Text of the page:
Route classifications



On this web-site, I have classified routes based on the Yosemite Decimal System (YDS), unless otherwise stated. Deviating from the YDS table, is class 2+, which I found in the book "Colorado's Thirtheeners" (Roach & Roach). A classification aims to describe the hardest pitch of a route in terms of a number. The classification is only valid for optimal circumstances. A good example is dry vs. wet rock. Wet rock may easily turn a class 2+ route into class 3. This is important to keep in mind. The main goal is to provide information about the route's crux (most difficult point) and allow you to prepare for the hike/scramble/climb accordingly. 

The intention is to describe the route objectively - using digits. The numbers take away subjective attributes as "dangerous", "steep", "difficult", "fairly easy", etc. that have different meaning from person to person. The classes *should not* take into consideration attributes like exposure, distance to summit or steep and strenuous hillsides. These attributes will be added as comments to the route. On this page, I will describe my interpretation of the classes, based on my personal experience.

Why YDS?

I've found YDS (along with the class 2+ extension) most suitable for hiking/easy scrambling. Since I for the most part write about Norwegian mountains, it would perhaps be convenient to classify routes based on Norwegian standard (class 1-10). The Norwegian standard is however aimed towards climbing and omits various grades of hiking/light scrambling. Typically, a class 3 YDS route would be a class 2 route after Norwegian standards. See this link for a listing of the Norwegian classes. Unfortunately, the page is written in Norwegian.

The classes

I only aim to describe classes 1 through 4. As I am not (yet) into technical climbing, I concentrate on classes valid for non-climbing routes for Hordaland mountains.

Class 1  Suitable for most hikers. Typically, a trail or cairn trail (above the forest) without any need to use hands for support. An odd long step here and there may occur, but nothing that should be considered as problematic. Class 1 may also include off-trail hiking, but in this case, the terrain is trivial.
Class 2 Still a fairly easy hike, but parts of the route run off-trail. Typical examples are bushwhacking, boulder fields, scree slopes,  etc. Still doable for most hikers, but expect to work a bit harder than on a class 1 route. You may need to use your hands for support and balance.
Class 2+ This class is not part of the YDS, but a very convenient classification. Typically, this is a awkward class 2 route, more scrambling than walking, but where handholds present themselves. In steep slopes (you shouldn't fall there), you may have to search for the route, although the route isn't technically difficult. I tend to classify routes as 2+ when I lower my center of gravity (a nice term for having the ass on the ground) in slopes which are not technically difficult. Class 2+ routes tend to be a bit airy, although not necessarily exposed.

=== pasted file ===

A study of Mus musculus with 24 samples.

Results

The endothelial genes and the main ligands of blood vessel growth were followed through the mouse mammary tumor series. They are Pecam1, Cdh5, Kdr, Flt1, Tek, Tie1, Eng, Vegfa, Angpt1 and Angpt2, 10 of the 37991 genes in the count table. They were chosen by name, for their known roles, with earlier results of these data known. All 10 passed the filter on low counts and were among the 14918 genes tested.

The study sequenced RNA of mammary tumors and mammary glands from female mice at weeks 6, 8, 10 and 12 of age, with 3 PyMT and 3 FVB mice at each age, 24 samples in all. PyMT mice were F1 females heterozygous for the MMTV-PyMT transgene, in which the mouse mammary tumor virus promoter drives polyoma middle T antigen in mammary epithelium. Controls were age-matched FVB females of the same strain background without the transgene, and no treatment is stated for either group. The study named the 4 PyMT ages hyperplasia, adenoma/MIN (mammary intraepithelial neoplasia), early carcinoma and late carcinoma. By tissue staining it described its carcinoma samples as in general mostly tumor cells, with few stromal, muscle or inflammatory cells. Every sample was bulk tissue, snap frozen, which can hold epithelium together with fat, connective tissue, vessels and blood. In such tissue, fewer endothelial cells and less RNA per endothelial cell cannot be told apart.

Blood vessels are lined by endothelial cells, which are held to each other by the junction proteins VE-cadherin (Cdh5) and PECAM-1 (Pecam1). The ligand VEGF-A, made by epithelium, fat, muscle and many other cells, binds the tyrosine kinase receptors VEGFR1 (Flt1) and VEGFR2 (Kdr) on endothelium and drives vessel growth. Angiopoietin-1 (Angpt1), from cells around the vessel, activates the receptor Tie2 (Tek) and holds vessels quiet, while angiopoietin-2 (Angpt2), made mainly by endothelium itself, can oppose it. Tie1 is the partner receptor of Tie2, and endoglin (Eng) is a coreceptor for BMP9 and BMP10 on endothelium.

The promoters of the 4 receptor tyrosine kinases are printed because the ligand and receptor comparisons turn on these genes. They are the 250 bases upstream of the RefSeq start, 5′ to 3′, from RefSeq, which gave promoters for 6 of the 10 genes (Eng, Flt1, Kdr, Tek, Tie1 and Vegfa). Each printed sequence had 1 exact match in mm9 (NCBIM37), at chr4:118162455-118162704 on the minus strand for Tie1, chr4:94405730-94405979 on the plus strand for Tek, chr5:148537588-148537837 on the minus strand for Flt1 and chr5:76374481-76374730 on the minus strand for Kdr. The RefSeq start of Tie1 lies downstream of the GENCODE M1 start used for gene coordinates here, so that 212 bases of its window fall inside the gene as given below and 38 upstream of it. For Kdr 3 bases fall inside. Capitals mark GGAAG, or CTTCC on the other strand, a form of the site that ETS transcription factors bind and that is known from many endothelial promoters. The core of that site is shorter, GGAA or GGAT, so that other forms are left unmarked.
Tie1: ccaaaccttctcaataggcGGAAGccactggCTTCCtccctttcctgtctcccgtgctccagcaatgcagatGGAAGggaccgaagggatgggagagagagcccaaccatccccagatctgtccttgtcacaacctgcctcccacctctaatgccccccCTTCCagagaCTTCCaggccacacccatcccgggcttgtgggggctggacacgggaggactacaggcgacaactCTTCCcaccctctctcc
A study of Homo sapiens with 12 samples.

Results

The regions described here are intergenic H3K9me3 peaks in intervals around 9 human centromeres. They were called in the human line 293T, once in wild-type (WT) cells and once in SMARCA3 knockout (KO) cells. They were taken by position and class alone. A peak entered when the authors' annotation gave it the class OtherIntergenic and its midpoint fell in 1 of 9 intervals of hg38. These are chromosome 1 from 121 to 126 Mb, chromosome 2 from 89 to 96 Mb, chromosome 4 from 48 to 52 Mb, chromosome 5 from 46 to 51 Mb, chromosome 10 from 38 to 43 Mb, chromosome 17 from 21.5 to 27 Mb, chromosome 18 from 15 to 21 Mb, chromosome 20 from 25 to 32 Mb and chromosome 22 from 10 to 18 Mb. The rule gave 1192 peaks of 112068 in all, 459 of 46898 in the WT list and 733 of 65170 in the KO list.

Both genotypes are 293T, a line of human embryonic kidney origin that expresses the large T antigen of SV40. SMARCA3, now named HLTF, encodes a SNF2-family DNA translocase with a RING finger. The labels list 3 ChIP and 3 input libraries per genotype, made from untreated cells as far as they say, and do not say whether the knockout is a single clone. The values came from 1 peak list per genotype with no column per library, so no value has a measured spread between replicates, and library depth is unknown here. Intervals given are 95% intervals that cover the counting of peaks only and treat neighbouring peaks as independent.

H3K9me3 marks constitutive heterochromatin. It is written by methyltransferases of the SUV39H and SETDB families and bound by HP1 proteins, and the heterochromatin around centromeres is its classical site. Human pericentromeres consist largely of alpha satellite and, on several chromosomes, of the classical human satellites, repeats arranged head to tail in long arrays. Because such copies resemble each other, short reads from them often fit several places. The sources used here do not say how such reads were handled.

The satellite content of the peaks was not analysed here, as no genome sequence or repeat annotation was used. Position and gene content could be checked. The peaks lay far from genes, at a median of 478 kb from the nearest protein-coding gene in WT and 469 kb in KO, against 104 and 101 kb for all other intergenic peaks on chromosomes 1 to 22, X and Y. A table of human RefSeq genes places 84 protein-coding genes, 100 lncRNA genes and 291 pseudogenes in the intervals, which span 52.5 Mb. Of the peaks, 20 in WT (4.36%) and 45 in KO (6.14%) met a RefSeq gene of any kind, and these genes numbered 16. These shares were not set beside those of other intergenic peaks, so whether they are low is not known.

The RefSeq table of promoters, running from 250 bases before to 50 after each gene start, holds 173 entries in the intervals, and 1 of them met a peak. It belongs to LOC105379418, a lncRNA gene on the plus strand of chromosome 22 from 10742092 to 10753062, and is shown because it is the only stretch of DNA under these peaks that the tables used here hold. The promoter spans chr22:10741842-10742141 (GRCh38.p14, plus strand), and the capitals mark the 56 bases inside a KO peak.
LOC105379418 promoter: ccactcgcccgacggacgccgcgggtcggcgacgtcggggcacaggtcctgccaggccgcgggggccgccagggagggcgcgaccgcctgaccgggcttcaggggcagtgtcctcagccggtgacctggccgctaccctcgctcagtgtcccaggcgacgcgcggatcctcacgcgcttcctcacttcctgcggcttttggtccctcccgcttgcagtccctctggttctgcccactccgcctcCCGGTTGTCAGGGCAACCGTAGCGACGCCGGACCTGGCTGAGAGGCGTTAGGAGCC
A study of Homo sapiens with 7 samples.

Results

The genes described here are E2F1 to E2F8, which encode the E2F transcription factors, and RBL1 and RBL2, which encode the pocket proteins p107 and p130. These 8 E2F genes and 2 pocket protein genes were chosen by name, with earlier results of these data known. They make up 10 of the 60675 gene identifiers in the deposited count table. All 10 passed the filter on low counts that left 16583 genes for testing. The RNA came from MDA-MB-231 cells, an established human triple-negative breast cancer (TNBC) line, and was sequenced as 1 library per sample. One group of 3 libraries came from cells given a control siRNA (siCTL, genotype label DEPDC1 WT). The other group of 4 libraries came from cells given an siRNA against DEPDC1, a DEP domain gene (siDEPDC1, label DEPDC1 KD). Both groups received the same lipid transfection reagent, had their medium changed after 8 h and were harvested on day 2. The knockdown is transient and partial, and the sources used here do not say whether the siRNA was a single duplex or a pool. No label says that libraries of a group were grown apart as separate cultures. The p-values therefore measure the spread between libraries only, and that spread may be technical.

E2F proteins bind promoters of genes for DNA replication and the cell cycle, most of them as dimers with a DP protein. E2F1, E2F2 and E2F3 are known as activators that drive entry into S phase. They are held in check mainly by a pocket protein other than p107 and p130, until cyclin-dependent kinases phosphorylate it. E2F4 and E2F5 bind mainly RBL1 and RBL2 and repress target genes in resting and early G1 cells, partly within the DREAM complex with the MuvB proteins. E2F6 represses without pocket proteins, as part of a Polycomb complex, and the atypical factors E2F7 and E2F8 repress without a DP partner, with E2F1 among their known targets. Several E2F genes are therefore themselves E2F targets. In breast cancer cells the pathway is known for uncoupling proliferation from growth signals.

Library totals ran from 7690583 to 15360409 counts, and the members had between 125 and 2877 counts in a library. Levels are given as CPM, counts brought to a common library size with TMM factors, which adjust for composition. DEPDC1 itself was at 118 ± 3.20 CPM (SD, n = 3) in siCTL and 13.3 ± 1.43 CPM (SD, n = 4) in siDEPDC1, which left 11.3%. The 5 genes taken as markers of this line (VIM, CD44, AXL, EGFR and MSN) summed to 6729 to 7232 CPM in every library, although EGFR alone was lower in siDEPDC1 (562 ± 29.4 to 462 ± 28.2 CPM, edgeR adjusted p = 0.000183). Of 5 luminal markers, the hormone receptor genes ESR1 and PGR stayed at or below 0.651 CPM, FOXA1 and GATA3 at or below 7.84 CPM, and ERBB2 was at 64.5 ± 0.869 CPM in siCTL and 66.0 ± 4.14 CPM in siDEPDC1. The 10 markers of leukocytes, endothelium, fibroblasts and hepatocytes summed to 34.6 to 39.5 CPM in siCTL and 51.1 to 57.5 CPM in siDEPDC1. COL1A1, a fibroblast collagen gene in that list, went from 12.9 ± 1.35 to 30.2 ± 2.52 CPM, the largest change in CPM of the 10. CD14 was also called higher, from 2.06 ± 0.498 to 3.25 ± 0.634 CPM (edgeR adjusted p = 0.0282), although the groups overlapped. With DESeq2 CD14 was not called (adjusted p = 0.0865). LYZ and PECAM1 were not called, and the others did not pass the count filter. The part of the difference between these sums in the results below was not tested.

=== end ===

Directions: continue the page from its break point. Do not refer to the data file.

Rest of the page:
Class 3 This is scrambling and not hiking. Exposed or not, you will have to look for the handholds and plan the moves, but neither are particularly difficult. To my knowledge, only 3 Hordaland mountains require class 3 scrambling on the easiest route. These mountains are Gygrastolen, Laurdalstind and Bjørndalstindane. All located in the Ænes-Rosendal region by Hardangerfjorden, and very airy - even if this does not influence the classification. 
Class 4 This is more climbing than scrambling. A friend of mine has a rule of thumb regarding class 4: "It is not too difficult to climb up, but you would rather rappel down". When you're in for climbing, exposure is a natural element. On the other hand, exposure does not drive this classification. If you scramble up a gully, a couloir, a dry river, etc., you may encounter class 4 without exposure (OK you may fall a few meters, but this is not exposure). No Hordaland mountains have class 4 as the easiest route.
Class 5 This is rock climbing. Class 5 is followed by another number which determines the actual difficulty. Refer to subdivisions of class 5 climbing on the YDS page for more information.


I have not found a good way of classifying routes where fording rivers is the crux. It is difficult to state the "optimal condition", as rivers depend on precipitation (in addition to snow melt). A river that is easily forded mid-July could be impossible at the same time in another year. I have not encountered any Hordaland mountains where a river is a crux on the easiest route.

A fun example of how a route may change classification is the Tysso-Høgafjellet route on Osterøy. This is not the easiest route to this mountain, but a very fun route indeed. What used to be a fairly easy class 2 route got increasingly more difficult the last time I followed this route. A bridge across a river had collapsed, and the river crossing was no longer trivial. The point here is that classifications on this web-site were, at best effort, valid for the time of the hike. Over time, trailheads may have changed, new forest roads may have popped up, streams may have become rivers (and vice versa), trails may have been rerouted, etc. Use this web-site as an additional source of information, but be careful about planning hikes exclusively based on information on this web-site.